1. Stella Koutros1,
  2. Margaret Karagas2,
  3. Melissa Friesen1,
  4. Anjoeka Pronk3,
  5. Patricia Stewart4,
  6. Dalsu Baris1,
  7. Molly Schwenn5,
  8. Richard Waddell2,
  9. Alison Johnson6,
  10. Castine Clerkin5,
  11. Karla Armenti7,
  12. Joanne Colt1,
  13. Debra Silverman1
  1. 1Division of Cancer Epidemiology and Genetics, National Cancer Institute, Bethesda, MD, USA
  2. 2Department of Community and Family Medicine, Geisel School of Medicine at Dartmouth, Hanover, NH, USA
  3. 3TNO Quality and Safety, Zeist, The Netherlands
  4. 4Stewart Exposure Assessments, LLC, Arlington, VA, USA
  5. 5Maine Cancer Registry, Augusta, ME, USA
  6. 6Vermont Cancer Registry, Burlington, VT, USA
  7. 7New Hampshire Department of Health and Human Services, Concord, NH, USA

Abstract

Objectives We examined the association between lifetime occupational diesel engine exhaust (DEE) exposure and risk of bladder cancer in 1171 cases and 1418 controls in a population-based case-control study.

Method Lifetime occupational histories combined with additional exposure-oriented questionnaires were administered to obtain detailed information on DEE. We estimated the probability, frequency and intensity of exposure to respirable elemental carbon (REC) (μg/m3), a primary surrogate for DEE. Unconditional logistic regression was used to calculate odds ratios (ORs) and 95% confidence intervals (CIs), adjusting for smoking and other risk factors.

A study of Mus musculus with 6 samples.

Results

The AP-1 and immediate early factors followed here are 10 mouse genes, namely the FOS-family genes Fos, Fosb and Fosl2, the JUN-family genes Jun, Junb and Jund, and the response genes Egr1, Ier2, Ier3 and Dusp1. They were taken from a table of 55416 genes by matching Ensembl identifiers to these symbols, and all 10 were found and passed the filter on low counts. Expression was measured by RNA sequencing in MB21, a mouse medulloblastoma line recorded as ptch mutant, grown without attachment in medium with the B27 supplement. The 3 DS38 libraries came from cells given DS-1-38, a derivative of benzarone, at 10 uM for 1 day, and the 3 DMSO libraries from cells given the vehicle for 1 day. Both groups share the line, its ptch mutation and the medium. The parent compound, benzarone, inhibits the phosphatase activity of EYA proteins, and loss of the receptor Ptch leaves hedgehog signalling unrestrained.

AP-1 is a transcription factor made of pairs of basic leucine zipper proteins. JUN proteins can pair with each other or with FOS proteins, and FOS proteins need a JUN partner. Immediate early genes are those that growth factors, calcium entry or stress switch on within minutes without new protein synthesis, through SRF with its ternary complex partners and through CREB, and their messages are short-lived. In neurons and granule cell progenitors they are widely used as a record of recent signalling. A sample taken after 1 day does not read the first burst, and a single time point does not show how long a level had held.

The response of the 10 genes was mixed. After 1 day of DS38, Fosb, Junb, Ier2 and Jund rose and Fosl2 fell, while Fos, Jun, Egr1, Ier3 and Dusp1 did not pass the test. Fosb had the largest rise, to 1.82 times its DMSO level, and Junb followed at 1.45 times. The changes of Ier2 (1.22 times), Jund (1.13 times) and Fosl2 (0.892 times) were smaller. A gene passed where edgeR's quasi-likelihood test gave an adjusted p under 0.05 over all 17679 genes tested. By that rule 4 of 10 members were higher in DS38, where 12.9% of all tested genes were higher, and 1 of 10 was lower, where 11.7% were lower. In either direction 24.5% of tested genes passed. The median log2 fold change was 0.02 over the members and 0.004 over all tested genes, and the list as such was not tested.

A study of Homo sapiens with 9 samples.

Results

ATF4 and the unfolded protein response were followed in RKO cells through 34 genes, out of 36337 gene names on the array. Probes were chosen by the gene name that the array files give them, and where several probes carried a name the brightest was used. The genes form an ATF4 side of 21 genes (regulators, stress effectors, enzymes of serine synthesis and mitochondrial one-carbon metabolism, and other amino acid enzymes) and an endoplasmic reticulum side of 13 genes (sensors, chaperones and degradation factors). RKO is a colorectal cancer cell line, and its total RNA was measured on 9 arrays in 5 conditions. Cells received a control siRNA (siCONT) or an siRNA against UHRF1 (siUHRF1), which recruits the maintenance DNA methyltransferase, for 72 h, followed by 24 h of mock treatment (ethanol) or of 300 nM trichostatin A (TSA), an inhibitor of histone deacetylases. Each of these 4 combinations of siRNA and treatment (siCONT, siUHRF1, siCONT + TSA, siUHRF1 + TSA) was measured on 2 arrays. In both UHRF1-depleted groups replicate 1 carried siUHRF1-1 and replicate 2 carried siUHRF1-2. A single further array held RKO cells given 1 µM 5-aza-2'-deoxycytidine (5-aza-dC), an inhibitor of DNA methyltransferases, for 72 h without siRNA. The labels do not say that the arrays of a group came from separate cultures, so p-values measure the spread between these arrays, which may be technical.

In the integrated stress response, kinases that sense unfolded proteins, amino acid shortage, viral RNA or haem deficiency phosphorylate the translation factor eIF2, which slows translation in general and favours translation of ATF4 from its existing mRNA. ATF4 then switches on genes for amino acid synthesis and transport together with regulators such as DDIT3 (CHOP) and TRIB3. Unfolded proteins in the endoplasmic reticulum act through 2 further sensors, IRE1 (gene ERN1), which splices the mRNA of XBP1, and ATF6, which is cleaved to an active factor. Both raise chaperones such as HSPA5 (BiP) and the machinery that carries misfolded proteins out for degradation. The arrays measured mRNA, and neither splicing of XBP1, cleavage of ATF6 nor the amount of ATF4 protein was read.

Results DEE was associated with an increased risk of bladder cancer, with the highest level of cumulative REC (>252.8 μg/m3 per year) having a 35% elevated risk (95% CI = 0.86–2.13) compared to those with no exposure. Among nonsmokers, we observed a significant trend in risk with increasing cumulative REC (p-trend = 0.03), with heavily exposed subjects having an OR=2.80 (95% CI =1.08–7.22). Time-period analyses by decade of first DEE-exposed job showed a statistically significant increased risk among men first exposed in the 1950s (heavily exposed: OR=2.73, 95% CI =1.29–5.79, p-trend = 0.009).

Conclusions The overall risk observed is modest, but similar in magnitude to those observed at comparable levels of exposure in previous studies of bladder and lung cancer. Greater risk for those first exposed in the 1950s may reflect secular trends in risk or a long latency for bladder cancer. Our results provide additional evidence that DEE is related to an increased bladder cancer risk.